Will we have action on gas prices or more talk?

Gas prices have no doubt been on the minds of Americans as they travel to and from work and pick up their kids from school. They’re looking for relief, but they’re not getting any answers from the Obama Administration.

As we’ve mentioned before, the White House pays lip-service to the issue, but there has been no real action. In fact, the only real action that we’ve seen is the rejection of Keystone XL, which Obama personally lobbied to kill. Obama and his apologists claim that oil production from inside the United States has increased during his administration. However, that argument is dubious.

Their goal has been to drive the price of oil by dragging their feet on drilling inside the United States. Energy Secretary Steven Chu made it clear in 2008, before he assumed office, that the goal was to drive gas “to the levels in Europe,” where the price per gallon can exceed $6. Of course, Chu now renounces that view, at least while the economy is moving as such a sluggish pace.

There is no cure-all to bring gas prices down, despite what Newt Gingrich may tell you. And gas prices alone are not an issue with which Republicans can retake the White House, though they certainly are a part of the issues with this president and Democrats in Congress.

Washington seems to be looking at everyone else instead of looking at themselves to find ways to increase production by opening up exploration in the United States. You need look no further than Sen. Chuck Schumer (D-NY), who recently demanded that Saudia Arabia increase its oil production as Iran causes problems in world markets. Schumer contends that “[a] public commitment [from Saudia Arabia] will cause the price of oil to drop right away.”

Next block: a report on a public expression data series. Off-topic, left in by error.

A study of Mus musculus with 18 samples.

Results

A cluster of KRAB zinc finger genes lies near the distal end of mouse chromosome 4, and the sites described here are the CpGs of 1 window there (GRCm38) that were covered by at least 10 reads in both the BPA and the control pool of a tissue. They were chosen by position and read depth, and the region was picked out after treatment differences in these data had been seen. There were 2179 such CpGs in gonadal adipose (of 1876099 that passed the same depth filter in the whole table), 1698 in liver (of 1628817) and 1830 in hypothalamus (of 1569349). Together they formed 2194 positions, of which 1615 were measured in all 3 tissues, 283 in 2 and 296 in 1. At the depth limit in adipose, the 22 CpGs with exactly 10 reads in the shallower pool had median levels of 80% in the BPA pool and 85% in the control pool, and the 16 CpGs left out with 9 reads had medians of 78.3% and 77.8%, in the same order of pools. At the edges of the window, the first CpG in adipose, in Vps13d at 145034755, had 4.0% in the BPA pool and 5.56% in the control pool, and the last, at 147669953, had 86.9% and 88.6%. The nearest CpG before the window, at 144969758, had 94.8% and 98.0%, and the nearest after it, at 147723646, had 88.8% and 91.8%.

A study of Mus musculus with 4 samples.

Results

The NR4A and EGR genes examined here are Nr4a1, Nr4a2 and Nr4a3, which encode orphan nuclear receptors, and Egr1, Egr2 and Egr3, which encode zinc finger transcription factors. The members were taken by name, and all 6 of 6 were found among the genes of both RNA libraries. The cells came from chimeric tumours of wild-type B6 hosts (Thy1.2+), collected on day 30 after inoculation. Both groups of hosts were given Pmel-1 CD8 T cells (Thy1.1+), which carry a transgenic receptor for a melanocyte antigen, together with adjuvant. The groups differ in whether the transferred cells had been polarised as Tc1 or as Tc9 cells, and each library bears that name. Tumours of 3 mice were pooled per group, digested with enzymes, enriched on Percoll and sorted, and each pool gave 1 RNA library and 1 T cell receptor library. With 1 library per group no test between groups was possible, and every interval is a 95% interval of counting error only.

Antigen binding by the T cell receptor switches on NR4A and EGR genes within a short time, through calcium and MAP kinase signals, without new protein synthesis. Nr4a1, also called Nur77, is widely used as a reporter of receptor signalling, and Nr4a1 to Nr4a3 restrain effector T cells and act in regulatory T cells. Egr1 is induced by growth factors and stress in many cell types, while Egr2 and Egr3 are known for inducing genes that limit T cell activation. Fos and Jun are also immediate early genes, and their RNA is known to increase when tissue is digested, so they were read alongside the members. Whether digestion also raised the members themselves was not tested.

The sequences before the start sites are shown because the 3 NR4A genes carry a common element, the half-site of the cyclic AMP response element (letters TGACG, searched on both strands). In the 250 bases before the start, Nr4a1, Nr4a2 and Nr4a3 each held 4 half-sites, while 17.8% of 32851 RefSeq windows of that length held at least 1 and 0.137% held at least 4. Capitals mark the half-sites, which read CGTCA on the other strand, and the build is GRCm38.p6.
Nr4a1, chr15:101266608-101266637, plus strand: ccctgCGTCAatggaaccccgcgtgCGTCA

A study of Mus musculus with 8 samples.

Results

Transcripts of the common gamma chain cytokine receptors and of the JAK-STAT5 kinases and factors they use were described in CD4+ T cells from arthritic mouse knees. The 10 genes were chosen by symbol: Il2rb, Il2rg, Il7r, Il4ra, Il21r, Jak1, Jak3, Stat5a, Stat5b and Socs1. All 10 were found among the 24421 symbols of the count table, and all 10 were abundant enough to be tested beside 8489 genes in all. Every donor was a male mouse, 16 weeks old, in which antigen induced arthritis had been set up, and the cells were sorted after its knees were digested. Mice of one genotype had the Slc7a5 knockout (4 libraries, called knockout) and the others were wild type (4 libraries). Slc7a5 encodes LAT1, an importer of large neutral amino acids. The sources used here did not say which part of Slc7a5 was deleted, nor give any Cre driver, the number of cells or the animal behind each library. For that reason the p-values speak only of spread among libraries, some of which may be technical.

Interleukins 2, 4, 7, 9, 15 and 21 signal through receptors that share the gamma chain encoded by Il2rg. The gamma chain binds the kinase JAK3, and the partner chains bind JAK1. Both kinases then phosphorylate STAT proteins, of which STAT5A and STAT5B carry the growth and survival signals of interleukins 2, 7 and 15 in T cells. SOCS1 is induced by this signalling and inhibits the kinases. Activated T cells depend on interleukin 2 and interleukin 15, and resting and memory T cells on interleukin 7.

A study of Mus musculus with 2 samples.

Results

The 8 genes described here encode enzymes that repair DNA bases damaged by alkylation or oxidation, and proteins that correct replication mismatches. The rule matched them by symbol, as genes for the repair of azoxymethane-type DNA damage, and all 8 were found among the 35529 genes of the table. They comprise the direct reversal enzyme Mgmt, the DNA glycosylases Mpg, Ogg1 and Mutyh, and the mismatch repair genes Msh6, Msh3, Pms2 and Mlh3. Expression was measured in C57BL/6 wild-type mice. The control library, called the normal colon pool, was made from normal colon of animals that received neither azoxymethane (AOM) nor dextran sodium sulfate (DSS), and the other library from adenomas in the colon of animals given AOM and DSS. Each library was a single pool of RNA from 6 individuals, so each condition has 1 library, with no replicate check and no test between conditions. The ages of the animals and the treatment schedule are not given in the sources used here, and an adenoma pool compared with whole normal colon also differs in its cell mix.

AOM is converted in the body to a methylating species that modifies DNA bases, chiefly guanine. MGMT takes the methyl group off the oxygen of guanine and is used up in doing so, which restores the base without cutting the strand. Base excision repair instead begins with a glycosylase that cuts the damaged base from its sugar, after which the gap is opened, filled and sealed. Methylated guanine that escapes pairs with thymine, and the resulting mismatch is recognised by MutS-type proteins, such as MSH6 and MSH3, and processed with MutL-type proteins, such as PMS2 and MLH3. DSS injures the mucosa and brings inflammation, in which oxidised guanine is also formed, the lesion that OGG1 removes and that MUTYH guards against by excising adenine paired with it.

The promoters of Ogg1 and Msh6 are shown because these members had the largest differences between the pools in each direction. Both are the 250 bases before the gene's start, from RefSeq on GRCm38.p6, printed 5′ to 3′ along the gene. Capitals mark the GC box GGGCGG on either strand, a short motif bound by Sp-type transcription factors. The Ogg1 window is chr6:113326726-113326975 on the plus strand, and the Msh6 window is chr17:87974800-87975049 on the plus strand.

But Erik Milito at the American Petroleum Institute notes that Schumer, as well-intentioned as he may be, just doesn’t get it:

Senator Schumer is correct, oil markets are forward looking and a public commitment to development matters.  But rather than Saudi Arabia, let’s look at what the U.S. is signaling.

  1. Continued reduced production on Federal areas in the Gulf of Mexico.
  2. 87% of our offshore acreage being placed off-limits.
  3. Federal permits lagging in offshore areas.
  4. Federal permits lagging in onshore areas.
  5. A million barrels a day from ANWR languishing for decades.
  6. The U.S. blocking upwards of 800,000 barrels a day from Canada.
  7. A plan for increasing taxes on U.S. exploration and development, and when you tax something, what do you get?  Less of it.
  8. And three years worth of delays and obstructions of oil and natural gas development in the U.S.

It is great that Senator Schumer wants Saudi Arabia to send a signal to the market, as the chart here shows, signals do matter, but perhaps a better signal to the market would be that the U.S. is going to do everything we can to help ourselves.  We are not powerless, unless we choose to be.

There are reasonable steps that should be pursued by Obama that could give Americans some relief at the pump. Pretty much everything listed above by Milito are things that could be done to help. But will Obama actually listen, or will he continue to appease environmentalists and castigate oil companies? Something tells me that we shouldn’t hold our breath.